Students, who tested positive, were isolated in a private room for 14 days and all services including meals were provided according to social distancing and personal safety guidelines. They completed assignments, including these reflections on paper, and the work was scanned and sent by email to teachers. Students, who tested negative, learned in classrooms from teachers who joined them via Google Meet.

Here are reprinted stories about their experiences from their student newspaper Titan Tribune, which they produce in a journalism class run by Exchange for Change, a local nonprofit group that teaches writing classes in youth commitment and adult correctional facilities. Retired newspaper reporter Henry Unger has taught the class for nearly two years in collaboration with the academy and Miami-Dade County Public Schools. These stories were published in May 2020 in issue 7. Writers are identified by their initials to protect their identity.

Looking at Four Walls

By J.E.

It was really boring because all you’re doing is looking at four walls every day and thinking about life.  I was feeling down because when I thought, I would think about my family most of the time.  I also thought about what I’ve done wrong in life and my future —  plans for when I go home. I spent time listening to music, writing in my journal, reading books and sleeping. As for having COVID-19, I really did not feel much, except for a bad chest pain. The virus was mostly like the flu, which was not a big deal for me. I was just trying not to spread it. But the virus is killing a lot of other people. Right now, I’m out of isolation and counting down my days before I get to leave.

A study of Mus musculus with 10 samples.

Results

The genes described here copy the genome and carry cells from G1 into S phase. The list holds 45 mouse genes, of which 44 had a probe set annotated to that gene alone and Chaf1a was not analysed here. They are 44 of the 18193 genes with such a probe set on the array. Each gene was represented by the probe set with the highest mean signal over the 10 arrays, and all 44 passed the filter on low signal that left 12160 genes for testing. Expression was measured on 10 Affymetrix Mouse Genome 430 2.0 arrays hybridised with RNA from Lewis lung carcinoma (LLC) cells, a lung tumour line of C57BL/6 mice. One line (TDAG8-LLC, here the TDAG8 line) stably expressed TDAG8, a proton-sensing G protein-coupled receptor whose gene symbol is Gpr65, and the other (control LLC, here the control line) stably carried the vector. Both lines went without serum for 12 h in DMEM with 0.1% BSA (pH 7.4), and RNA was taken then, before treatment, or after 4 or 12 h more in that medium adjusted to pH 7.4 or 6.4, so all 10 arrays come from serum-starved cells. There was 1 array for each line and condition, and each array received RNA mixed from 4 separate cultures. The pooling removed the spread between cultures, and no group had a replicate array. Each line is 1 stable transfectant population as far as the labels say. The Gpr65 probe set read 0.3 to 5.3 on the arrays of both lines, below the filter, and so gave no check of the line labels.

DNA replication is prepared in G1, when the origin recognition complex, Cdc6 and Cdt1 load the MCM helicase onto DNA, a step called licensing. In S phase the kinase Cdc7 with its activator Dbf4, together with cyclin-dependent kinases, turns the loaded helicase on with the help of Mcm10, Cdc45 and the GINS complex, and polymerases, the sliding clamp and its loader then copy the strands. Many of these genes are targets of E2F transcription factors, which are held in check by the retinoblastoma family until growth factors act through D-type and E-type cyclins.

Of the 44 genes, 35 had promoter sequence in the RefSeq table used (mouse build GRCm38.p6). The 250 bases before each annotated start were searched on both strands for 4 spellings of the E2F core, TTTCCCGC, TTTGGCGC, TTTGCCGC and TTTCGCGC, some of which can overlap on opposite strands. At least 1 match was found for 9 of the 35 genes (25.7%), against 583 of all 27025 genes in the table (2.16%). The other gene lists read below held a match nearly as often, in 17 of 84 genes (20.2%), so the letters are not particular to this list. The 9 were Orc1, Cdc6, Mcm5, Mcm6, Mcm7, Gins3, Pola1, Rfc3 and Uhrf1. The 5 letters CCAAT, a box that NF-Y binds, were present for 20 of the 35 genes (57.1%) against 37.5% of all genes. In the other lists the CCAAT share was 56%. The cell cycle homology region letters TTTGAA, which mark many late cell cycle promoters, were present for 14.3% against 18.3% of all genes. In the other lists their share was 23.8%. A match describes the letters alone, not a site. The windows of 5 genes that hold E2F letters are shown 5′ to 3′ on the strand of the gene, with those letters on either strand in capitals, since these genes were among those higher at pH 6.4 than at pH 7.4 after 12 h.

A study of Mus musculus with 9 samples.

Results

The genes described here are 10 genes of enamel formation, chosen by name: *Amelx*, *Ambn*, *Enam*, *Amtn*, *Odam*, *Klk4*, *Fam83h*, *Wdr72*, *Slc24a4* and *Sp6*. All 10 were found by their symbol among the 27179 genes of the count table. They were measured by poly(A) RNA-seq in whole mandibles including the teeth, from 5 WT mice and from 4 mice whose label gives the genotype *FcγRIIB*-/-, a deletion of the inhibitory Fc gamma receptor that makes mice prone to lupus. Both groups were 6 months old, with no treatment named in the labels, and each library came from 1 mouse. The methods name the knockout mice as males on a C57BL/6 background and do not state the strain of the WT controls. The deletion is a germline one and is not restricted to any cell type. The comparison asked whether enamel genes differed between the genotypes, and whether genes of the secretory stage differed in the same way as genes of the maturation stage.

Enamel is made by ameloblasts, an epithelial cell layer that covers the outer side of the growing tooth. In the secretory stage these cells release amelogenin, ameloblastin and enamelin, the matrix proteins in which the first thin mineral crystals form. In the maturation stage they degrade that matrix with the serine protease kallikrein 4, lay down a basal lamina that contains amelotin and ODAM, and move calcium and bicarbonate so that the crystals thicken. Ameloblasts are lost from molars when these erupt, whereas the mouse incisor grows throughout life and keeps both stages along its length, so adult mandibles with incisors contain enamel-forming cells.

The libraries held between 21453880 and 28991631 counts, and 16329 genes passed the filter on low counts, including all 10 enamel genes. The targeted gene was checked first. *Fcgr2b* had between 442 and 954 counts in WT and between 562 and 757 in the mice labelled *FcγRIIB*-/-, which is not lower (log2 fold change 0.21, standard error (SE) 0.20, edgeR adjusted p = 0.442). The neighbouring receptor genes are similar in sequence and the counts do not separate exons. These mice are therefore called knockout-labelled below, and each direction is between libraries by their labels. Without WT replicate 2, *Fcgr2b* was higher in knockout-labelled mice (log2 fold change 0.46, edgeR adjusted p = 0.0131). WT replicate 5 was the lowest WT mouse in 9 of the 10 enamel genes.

Down and Depressed

By S.H.

Being isolated I felt down and depressed, like I was going to lose it.  It was really boring. I managed by sleeping throughout the day.  I often thought about my family and their safety, due to the virus.  I tried to keep my head up, but this virus is too depressing. I already lost a great aunt due to the virus. Being isolated makes you think hard about whatever it is you are going through. 

Did Not Want to be One of Them

By A.R.

They had to quarantine me because I had a high fever. Then, they tested me for the coronavirus and I came out positive. I started crying because people were dying. But I did not want to be one of them.  After a few weeks I thought I might be OK because my symptoms went away. I am not sick any more and back in the classroom where I belong.  

Poem: Cough, Touch, Sneeze

By T.H.

Cough, touch, sneeze
I’m sick and have wobbly knees
Will I survive through the cold night?
Or will I go where there’s no light
In the dungeon I must go 
Stay away you must know 
For I’m sick 
Lord, have mercy on us

Source: Florida Department of Juvenile Justice, Communications Office

Disclaimer: The views in this article are those of the author. Prison Journalism Project has verified the writer’s identity and basic facts such as the names of institutions mentioned.


The students at the Miami Youth Academy wrote these stories for their newspaper Titan Tribune, a collaborative effort by the facility, Miami-Dade County Public Schools and Exchange for Change, a Miami-based non-profit group that supports writing programs in youth commitment and adult correctional facilities. The students work on the paper in a journalism class taught by retired journalism teacher Henry Unger. The writers are identified by their initials to protect their identities.